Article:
Prof. Moses Amweelo
The speed of motor vehicles is at the core of the road injury problem. Speed influences both crash risk and crash consequences. Excess speed is defined as a vehicle exceeding the relevant speed limit; inappropriate speed refers to a vehicle travelling at a speed unsuitable for the prevailing road and traffic conditions.
While speed limits only declare higher speeds illegal, it remains for each driver and rider to decide the appropriate speed within the limit. Risk factors influencing crash involvement: speed, alcohol or drugs, fatigue, male, vehicle defects, youth driving together and vulnerable roads users. In Namibia, all people injured in motor vehicle crashes, regardless of their contribution to the crash, receive fair and reasonable benefits, subject to some limitations and exclusions.
The majority of deaths that occur are confirmed by paramedics at the scene of the crash (68% in 2018). The country established and cemented collaborative partnerships with various agencies and corporate entities. There is a centralized call centre, which has been in existence since 2012. The centre operates on a 24/7 basis and is manned by qualified paramedics. Over 95% of crashes that occurred within the country are reported through the centre. Furthermore, the country has established four emergency response bases at crash prone zones and an emergency medical care faculty established in collaboration with the Namibia University of Science and Technology (Nust).
In addition, the country established an occupational and physiotherapy faculty in collaboration with the University of Namibia (Unam). The speed drivers choose to travel at is influenced by many factors such as road and vehicle related, traffic, environment related, and driving related. Modern cars have high rates of acceleration and can easily reach very high speeds in short distances. The physical layout of the road and its surroundings can both encourage and discourage speed. Crash risk increases as speed increases, especially at road junctions and while overtaking as road users underestimate the speed, and overestimate the distance, of an approaching vehicle. While there was an annual increase in deaths until 2017, a significant reduction in deaths from 2017 to 2018 was observed.
This can mostly be ascribed to the National Road Safety Council (NRSC) funded B1 and B2 task force initiative launched in 2018 and jointly executed by various road safety stakeholders. The B1 and B2 task force initiative success story should therefore be replicated in the new decade. Globally, road crash injury is a leading cause of death for young drivers and riders. Both young age and inexperience contribute to the high risk of these drivers and riders.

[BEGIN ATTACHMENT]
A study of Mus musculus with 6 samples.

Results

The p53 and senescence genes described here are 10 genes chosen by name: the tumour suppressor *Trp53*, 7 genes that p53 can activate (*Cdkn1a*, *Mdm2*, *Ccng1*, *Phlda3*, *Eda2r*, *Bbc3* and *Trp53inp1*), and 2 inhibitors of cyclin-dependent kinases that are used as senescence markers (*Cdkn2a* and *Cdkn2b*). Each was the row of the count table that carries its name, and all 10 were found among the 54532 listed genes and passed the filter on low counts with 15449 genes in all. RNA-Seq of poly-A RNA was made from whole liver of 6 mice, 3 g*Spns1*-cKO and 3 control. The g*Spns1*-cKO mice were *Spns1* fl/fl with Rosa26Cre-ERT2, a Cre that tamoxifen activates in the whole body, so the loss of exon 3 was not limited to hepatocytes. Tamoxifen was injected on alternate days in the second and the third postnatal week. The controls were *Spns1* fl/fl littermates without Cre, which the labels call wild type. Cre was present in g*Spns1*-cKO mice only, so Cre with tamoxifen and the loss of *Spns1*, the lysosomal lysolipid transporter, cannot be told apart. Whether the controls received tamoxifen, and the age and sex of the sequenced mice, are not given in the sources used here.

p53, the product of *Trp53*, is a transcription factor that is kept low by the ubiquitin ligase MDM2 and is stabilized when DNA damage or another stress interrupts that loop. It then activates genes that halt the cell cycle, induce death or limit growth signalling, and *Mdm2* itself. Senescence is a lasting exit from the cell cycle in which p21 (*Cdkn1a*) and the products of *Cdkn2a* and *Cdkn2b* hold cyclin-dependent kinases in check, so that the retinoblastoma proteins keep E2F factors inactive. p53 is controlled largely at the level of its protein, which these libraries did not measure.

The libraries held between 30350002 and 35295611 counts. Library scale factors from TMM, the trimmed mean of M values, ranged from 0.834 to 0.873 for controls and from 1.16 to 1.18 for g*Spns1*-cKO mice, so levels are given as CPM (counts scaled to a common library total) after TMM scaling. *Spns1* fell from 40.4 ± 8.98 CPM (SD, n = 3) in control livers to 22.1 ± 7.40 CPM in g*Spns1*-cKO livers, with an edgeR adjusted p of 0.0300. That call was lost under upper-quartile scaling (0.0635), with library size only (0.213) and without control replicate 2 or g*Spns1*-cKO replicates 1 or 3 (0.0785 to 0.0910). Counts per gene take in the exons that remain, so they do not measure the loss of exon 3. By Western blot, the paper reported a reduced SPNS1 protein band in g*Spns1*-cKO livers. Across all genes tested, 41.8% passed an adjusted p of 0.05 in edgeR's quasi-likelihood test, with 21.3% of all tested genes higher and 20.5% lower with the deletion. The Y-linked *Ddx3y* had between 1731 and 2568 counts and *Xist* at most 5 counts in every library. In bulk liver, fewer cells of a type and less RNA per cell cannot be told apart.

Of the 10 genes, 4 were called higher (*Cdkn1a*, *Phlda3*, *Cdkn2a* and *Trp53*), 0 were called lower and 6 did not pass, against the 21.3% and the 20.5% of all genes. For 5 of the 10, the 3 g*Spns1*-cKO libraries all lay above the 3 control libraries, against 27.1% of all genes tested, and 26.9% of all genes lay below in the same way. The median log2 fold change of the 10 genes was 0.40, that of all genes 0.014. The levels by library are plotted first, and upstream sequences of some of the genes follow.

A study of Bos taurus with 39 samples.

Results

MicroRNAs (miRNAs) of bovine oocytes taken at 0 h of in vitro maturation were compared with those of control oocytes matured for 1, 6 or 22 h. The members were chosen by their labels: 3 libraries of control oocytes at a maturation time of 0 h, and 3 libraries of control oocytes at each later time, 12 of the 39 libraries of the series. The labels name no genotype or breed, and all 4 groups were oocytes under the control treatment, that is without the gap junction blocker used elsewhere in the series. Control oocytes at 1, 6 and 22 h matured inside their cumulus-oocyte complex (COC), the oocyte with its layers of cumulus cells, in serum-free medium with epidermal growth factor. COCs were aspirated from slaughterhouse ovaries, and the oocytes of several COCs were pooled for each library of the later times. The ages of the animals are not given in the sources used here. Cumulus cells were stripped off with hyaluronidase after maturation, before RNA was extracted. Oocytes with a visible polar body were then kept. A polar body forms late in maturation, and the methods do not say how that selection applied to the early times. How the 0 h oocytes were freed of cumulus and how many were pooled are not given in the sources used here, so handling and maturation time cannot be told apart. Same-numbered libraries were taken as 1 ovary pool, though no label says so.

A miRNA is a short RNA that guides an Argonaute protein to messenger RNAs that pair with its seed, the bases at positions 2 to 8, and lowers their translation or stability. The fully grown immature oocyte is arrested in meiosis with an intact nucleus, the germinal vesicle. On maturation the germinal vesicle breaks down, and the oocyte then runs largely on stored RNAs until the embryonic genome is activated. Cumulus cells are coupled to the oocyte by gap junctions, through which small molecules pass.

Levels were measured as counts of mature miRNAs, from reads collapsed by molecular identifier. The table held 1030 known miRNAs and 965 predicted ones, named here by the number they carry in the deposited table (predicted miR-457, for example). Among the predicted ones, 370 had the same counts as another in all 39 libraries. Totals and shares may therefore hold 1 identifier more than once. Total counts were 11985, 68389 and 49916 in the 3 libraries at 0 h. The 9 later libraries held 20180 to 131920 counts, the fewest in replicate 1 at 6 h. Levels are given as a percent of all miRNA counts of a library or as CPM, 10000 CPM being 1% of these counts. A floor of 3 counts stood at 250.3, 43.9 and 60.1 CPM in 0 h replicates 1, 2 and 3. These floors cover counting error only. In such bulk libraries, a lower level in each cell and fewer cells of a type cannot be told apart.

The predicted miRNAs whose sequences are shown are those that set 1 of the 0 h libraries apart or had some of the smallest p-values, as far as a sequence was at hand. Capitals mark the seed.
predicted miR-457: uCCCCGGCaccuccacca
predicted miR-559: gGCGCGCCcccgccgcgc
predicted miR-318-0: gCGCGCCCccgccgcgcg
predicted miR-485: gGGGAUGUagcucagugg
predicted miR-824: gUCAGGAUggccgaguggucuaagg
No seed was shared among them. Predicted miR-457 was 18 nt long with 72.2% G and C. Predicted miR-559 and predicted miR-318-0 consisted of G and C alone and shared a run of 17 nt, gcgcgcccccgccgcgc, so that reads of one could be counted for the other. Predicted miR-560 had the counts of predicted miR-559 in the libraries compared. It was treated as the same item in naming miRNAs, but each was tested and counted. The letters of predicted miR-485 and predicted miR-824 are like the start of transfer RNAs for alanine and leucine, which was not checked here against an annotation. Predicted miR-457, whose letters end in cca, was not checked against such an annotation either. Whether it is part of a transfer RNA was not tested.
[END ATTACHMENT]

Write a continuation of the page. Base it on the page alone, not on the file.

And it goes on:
The parliament in November 2019 approved the ratification of the African Road Safety Charter with the instrument of ratification deposited with the African Union Commission in February 2019 from which date the charter became applicable in Namibia. A new Road Safety Management Bill (RSMB) has been drafted and principally adopted by the National Road Safety Council. The Bill provides for a complete overhaul of how road safety is being managed in the country.
In particular, it gives effect to the African Road Safety Charter, reduces fragmentation, rationalizes and clarifies the role of involved stakeholders and most importantly, it formalises coordination modalities based on the safe system approach advocated by both the African Road Safety Charter and the Namibian Chapter of the Decade of Action 2011-2020, which is coming to an end this year. Besides the repealing of the current nonresponsive National Road Safety Act, the Bill if enacted soon will enable full domestication of the African Road Safety Charter and provide a solid foundation for improved road safety work going forward. Speed has an exponentially detrimental effect on safety. As speeds increase, so do the number and severity of injuries.
In conclusion, I recommend that Namibia should prepare a road safety strategy that is multisectoral – involving agencies concerned with transport, health, education, law enforcement and other relevant sectors – and multidisciplinary – involving road safety scientists, engineers, urban and regional planners health professionals and others. The strategy should take the needs of all road users into account, particularly vulnerable road users, and should be linked to strategies in other sectors. It should involve groups from government, the private sector, non-governmental organizations, the mass media and the public.